Mary Byrd Thornton has received an unsettling phone call from a reporter seeking details about her little brother’s unsolved murder. The police are apparently reopening this 30 year old cold case. Mary and her family have since moved on. She now lives in a small Mississippi town with her art-dealer husband Charles and two kids. Since the police want her and her family back for questioning – they apparently have new leads – she must go back for a meeting. An unexpected ice storm is moving into the area, and Mary, petrified air-traveler, must find some way of getting from Mississippi to Virginia in really bad weather.
That’s the beginning of the novel, and it hooks you right in. However, right after the introduction of the murder mystery, the novel sidetracks into full-blown description mode, detailing for us various eccentric characters in Mary’s life. There’s Mary, her husband, her kids, her husband’s old schoolmate Mann, who’s a rich chicken farmer of sorts. Then there’s Mary’s help, an African American lady called Evagreen, with whom Mary has an odd relationship. There are also other characters around town – an odd-job man called Teever, and Ernest with whom Mary has a semi-flirtatious relationship. All these characters are in the novel because they influence Mary’s life. All are well-drawn.
From the book blurb I was expecting a murder mystery, and while that is present it is given very little space, and appears almost like a backdrop against which the character descriptions are set. Lisa Howorth writes beautifully, and her writing flows. I was quite content to go along and listen to her descriptions. It took me a while to realize that the descriptions and the vignettes of Mary’s life formed the bulk of the book, and that was a little disappointing. This novel is not for those of you who expect a straight-forward crime thriller or police procedural. This isn’t one; rather it is a novel detailing the aftermath of a terrible tragedy and the plight of a family-member desperately seeking some form of closure.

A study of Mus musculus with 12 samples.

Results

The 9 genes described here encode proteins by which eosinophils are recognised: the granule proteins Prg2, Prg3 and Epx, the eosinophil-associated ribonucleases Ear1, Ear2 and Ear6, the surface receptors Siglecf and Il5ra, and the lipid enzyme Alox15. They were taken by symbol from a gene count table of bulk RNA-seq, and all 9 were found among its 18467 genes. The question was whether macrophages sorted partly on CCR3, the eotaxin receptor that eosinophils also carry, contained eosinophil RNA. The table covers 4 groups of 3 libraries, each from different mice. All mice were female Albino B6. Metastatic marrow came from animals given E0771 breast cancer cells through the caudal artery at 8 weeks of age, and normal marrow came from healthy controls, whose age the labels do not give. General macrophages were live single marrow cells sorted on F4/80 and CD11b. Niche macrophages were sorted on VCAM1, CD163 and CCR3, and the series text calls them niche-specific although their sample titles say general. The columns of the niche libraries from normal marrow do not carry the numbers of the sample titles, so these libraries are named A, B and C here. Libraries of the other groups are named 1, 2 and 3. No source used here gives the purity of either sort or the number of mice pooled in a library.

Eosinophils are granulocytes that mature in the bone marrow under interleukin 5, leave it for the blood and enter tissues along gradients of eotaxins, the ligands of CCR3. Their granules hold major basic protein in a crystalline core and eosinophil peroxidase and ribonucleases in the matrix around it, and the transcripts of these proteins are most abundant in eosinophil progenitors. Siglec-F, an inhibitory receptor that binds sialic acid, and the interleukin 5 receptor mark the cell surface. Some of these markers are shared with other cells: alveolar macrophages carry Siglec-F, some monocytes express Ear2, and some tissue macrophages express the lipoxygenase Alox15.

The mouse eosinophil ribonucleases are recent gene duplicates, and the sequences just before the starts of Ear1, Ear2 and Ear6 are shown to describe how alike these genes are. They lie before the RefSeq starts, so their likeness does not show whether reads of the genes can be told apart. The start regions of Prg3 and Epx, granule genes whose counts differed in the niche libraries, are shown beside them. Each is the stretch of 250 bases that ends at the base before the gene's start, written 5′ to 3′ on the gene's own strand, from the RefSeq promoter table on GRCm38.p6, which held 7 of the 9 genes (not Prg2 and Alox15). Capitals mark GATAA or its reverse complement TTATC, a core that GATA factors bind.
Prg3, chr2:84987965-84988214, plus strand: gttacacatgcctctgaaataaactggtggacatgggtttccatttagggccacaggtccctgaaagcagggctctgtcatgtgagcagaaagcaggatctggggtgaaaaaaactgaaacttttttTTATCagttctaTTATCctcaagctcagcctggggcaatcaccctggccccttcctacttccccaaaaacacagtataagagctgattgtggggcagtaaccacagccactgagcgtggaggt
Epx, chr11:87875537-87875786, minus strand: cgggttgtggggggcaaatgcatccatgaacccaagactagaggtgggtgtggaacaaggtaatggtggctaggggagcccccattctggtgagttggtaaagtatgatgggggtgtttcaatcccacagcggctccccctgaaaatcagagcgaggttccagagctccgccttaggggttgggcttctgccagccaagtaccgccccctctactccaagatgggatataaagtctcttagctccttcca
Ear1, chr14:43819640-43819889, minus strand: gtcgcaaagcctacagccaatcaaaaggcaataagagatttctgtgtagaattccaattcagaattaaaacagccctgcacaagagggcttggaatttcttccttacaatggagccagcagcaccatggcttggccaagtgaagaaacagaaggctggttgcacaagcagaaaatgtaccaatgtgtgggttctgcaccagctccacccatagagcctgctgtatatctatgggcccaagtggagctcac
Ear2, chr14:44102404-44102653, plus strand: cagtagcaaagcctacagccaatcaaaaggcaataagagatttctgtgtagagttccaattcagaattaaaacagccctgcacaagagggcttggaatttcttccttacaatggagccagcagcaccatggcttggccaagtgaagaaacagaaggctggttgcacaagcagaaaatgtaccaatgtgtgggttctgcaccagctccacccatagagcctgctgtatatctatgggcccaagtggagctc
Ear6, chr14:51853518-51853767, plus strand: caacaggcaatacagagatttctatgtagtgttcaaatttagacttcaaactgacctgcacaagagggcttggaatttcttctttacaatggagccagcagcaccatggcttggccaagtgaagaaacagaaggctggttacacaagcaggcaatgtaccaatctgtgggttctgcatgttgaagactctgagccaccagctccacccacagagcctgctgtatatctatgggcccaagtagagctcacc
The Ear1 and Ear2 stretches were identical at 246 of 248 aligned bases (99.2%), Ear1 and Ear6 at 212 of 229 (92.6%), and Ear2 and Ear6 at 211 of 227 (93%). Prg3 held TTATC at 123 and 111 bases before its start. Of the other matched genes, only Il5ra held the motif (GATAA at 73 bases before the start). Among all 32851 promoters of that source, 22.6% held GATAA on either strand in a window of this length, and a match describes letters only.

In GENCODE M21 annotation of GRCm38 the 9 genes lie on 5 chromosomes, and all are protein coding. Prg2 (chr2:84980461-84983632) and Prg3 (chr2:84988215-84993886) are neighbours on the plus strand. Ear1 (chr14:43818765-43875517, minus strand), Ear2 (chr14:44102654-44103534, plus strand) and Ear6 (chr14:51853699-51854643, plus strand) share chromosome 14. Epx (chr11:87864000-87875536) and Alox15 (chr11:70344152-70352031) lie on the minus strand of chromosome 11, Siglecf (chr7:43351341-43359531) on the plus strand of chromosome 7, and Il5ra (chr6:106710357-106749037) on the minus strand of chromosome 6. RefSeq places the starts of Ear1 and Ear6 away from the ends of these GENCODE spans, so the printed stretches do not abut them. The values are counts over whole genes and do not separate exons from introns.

Given Howorth’s obvious talent, this book should have been an absolute must-read, for the right kind of audience. Publicizing this book as a murder mystery (when it isn’t one) does it a disservice and places this book in the hands of the wrong audience – an audience whose expectations it won’t meet. That said, I have to give credit where credit is due, and it goes to the author for pouring her heart out on paper (the book is based on a true unsolved murder).
Even though this book doesn’t deliver on it’s blurb’s promise, this is a good read for all those folks who enjoy a well-written, exquisitely described story of healing and closure.